IN BRIEF

GOLF

Furyk posts first victory in more than two years

Jim Furyk made two clutch putts to finish off his 5-under-par 67 and win the Chevron World Challenge in Thousand Oaks, Calif., for his first victory in more than two years.

Tiger Woods, the tournament host, wasn’t around to present the trophy. He missed the event because of injuries from his Nov. 27 car crash, although he was part of every conversation because of ubiquitous publicity over allegations of extramarital affairs.

Furyk finished at 13-under 275 for a one-shot victory over Graeme McDowell (70), who replaced Woods in the 18-man field.

Also: Adam Scott won the Australian Open for his first professional victory in his home country, shooting an even-par 72 to beat Stuart Appleby by five strokes.

Scott, a former UNLV standout, finished at 15-under 273 at New South Wales Golf Club in Sydney.

Robert Allenby won the Nedbank Challenge in Sun City, South Africa, beating Henrik Stenson on the third playoff hole after a 1-under 71 in the final round. Stenson shot a 69 to tie Allenby at 11-under 277 at the Gary Player Country Club.

BASKETBALL

Donaghy insists he didn’t influence NBA outcomes

Disgraced former NBA referee Tim Donaghy says he refused to make calls to affect games even if it meant he lost money and it angered the mob.

In one game in which he bet on San Antonio, he ejected coach Gregg Popovich midway through the first quarter, and the Spurs eventually lost. That drew the ire of the mob, which reportedly lost money using his tip. “I just told them that I wasn’t making calls in games to influence the outcome,” Donaghy said in an interview on “60 Minutes” that aired Sunday night on CBS.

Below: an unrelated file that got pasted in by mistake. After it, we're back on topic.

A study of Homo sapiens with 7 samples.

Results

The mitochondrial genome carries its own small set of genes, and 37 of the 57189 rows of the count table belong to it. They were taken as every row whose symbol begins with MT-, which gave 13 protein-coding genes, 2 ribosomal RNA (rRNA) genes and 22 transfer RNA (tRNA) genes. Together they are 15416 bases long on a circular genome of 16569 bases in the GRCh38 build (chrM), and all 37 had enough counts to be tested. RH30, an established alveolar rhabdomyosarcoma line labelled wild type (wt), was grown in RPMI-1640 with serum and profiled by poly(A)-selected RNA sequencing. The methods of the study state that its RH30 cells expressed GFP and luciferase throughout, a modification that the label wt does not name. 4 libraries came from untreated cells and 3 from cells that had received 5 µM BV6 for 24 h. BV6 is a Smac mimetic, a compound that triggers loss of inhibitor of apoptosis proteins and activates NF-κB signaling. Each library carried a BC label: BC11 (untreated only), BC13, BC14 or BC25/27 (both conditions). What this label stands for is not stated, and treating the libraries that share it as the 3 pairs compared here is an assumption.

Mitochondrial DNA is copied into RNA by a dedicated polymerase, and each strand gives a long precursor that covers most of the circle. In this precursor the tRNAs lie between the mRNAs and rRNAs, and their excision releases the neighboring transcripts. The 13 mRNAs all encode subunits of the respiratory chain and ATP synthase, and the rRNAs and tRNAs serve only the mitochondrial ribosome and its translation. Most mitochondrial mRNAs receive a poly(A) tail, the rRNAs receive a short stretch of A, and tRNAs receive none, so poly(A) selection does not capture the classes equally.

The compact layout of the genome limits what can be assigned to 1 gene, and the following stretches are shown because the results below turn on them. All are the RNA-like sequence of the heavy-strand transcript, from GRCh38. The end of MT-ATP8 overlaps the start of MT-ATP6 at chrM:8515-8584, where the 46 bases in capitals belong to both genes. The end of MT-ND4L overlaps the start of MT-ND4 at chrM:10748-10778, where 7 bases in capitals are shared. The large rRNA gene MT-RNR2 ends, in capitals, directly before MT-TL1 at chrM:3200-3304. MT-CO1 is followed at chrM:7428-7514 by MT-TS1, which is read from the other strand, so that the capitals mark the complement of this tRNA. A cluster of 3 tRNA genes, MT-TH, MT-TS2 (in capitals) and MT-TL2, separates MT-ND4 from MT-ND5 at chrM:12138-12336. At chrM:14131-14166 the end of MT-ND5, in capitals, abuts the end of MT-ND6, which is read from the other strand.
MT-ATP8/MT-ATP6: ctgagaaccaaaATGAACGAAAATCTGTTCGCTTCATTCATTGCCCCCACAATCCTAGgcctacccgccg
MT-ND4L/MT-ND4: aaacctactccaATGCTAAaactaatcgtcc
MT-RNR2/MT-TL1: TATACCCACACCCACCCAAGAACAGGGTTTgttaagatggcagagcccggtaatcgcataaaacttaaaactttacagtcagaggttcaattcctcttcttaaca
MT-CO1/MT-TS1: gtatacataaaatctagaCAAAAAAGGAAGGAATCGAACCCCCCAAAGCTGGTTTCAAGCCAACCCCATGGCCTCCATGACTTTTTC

Donaghy insisted he made wagers on NBA games based on his knowledge of other officials’ biases for and against certain players and teams and that his officiating was not compromised — a claim that was backed up by the FBI.

“Watching the tapes, we could see there was never anything outlandish where he called a foul or he omitted a foul because he wanted to see a certain team win,” retired FBI special agent Philip Scala told the news show.

MISCELLANEOUS

NFL to cut supplemental revenue-sharing program

The NFL has told the players’ union it will cut a $100 million annual supplemental revenue-sharing program that subsidizes lower-revenue teams.

That plan, which is a small portion of the $6.5 billion shared in full by all 32 teams, will be cut because the 2010 season will not have a salary cap.

“We are simply going forward on the terms the union approved in March of 2006,” NFL spokesman Greg Aiello said. Those terms pertain only to years with salary caps, the league said.

Nine franchises qualified to receive funds under the program this year, although the league has not identified them.

Also: Florida coach Urban Meyer was treated for dehydration and released at a Gainesville hospital hours after his team lost to Alabama in the Southeastern Conference title game Saturday.

Jessica McDonald scored in the third minute to help North Carolina beat Stanford 1-0 in the Women’s College Cup soccer final in College Station, Texas, and repeat as NCAA champion.

Mia Bell had a game-high 20 points and fellow freshman Kelli Thompson added 19, leading the UNLV women’s basketball team to a 74-63 victory over UNR in Reno.

The Lady Rebels (4-4) opened a 53-35 lead with 10 minutes left before withstanding a 21-6 run by the Wolf Pack (5-4).